ParaGard is a copper intrauterine device (IUD), which is implanted into the uterus to provide long-term birth control for up to 10 years. It involves a T-shaped plastic frame wrapped in copper wire coils, which is designed to produce an inflammatory reaction in the uterus that is toxic to sperm and prevents pregnancy.
While Paragard is intended to be easily removable and allow women to conceive after it is explanted, dozens of lawsuits are now being pursued by women who experienced painful and debilitating injuries after the IUD broke during explant procedures. This can result in severe internal injuries and often requires a total hysterectomy or other invasive surgical procedure to retrieve fragments of the device, which may impact their ability to have children in the future.
There are currently at least 55 complaints involved in the Paragard IUD litigation, with claims spread across 29 different U.S. District Courts that each raising nearly identical allegations that the copper IUD is unreasonably dangerous and defective, since it is prone to fracturing during removal.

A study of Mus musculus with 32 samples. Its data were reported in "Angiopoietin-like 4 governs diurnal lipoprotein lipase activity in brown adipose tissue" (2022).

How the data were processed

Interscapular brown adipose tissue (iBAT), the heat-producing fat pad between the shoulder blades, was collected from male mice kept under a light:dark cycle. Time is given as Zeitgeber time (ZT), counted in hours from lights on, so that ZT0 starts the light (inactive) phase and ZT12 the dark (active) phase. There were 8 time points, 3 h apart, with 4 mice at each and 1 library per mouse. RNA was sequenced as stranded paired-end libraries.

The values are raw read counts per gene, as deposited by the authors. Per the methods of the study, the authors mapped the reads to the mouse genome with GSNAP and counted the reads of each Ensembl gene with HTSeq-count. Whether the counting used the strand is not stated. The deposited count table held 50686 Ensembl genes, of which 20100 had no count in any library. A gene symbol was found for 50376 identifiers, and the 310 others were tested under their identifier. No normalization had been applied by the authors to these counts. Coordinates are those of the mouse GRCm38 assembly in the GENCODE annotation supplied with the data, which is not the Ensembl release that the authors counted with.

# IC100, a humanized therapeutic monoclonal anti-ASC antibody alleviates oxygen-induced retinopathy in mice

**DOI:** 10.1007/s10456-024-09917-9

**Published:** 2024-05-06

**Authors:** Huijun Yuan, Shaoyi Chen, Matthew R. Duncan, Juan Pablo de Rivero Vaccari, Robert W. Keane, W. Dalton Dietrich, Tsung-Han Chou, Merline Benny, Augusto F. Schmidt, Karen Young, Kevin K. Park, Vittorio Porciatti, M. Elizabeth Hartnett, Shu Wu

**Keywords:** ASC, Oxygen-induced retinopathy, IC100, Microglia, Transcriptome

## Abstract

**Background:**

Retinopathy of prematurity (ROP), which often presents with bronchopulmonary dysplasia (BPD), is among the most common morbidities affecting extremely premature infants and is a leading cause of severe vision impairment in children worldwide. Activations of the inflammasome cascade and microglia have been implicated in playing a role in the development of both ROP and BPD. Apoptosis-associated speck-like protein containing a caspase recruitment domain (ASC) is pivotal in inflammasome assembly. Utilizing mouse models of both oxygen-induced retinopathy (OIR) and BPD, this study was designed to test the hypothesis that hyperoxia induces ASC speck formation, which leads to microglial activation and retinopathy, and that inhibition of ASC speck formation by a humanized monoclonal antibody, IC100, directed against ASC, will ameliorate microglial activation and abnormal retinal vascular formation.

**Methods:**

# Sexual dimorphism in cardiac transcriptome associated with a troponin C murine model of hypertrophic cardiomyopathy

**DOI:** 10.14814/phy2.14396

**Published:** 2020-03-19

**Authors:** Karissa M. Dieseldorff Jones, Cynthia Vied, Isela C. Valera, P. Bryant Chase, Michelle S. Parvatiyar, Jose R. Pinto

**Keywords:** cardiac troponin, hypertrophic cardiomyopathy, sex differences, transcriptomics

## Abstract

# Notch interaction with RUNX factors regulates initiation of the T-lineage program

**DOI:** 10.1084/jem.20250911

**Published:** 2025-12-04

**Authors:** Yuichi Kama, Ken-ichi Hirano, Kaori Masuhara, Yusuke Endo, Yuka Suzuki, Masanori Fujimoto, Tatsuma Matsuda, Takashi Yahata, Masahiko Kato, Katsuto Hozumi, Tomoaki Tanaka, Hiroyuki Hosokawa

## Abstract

Last month, plaintiffs filed a motion to transfer all Paragard cases to one U.S. District Judge, for coordinated discovery and pretrial proceedings. The process is common for mass tort litigation in the federal court system, helping avoid conflicting pretrial rulings from different courts, reducing duplicative discovery into common issues raised in large numbers of claims and to serve the convenience of parties, witnesses and the judicial system.
In a response (PDF) filed last week, the manufacturers urged the U.S. Judicial Panel on Multidistrict Litigation (JPML) to reject the request.
The defendants argue that the Paragard T-380A IUD has been sold in the United States for over 30 years, and that at least two U.S. District Courts have previously upheld the sufficiency of the label warnings, including courts in Michigan and Texas. The response suggests that the reports of Paragard IUDs fracturing are a “known and warned-of” side effect, and claims that the recent “surge” in new cases is only due to attorney advertising.
In a notice issued last week, the JPML announced that it will hear oral arguments over the proposed consolidation of the ParaGard IUD litigation on December 3 via videoconference or teleconference.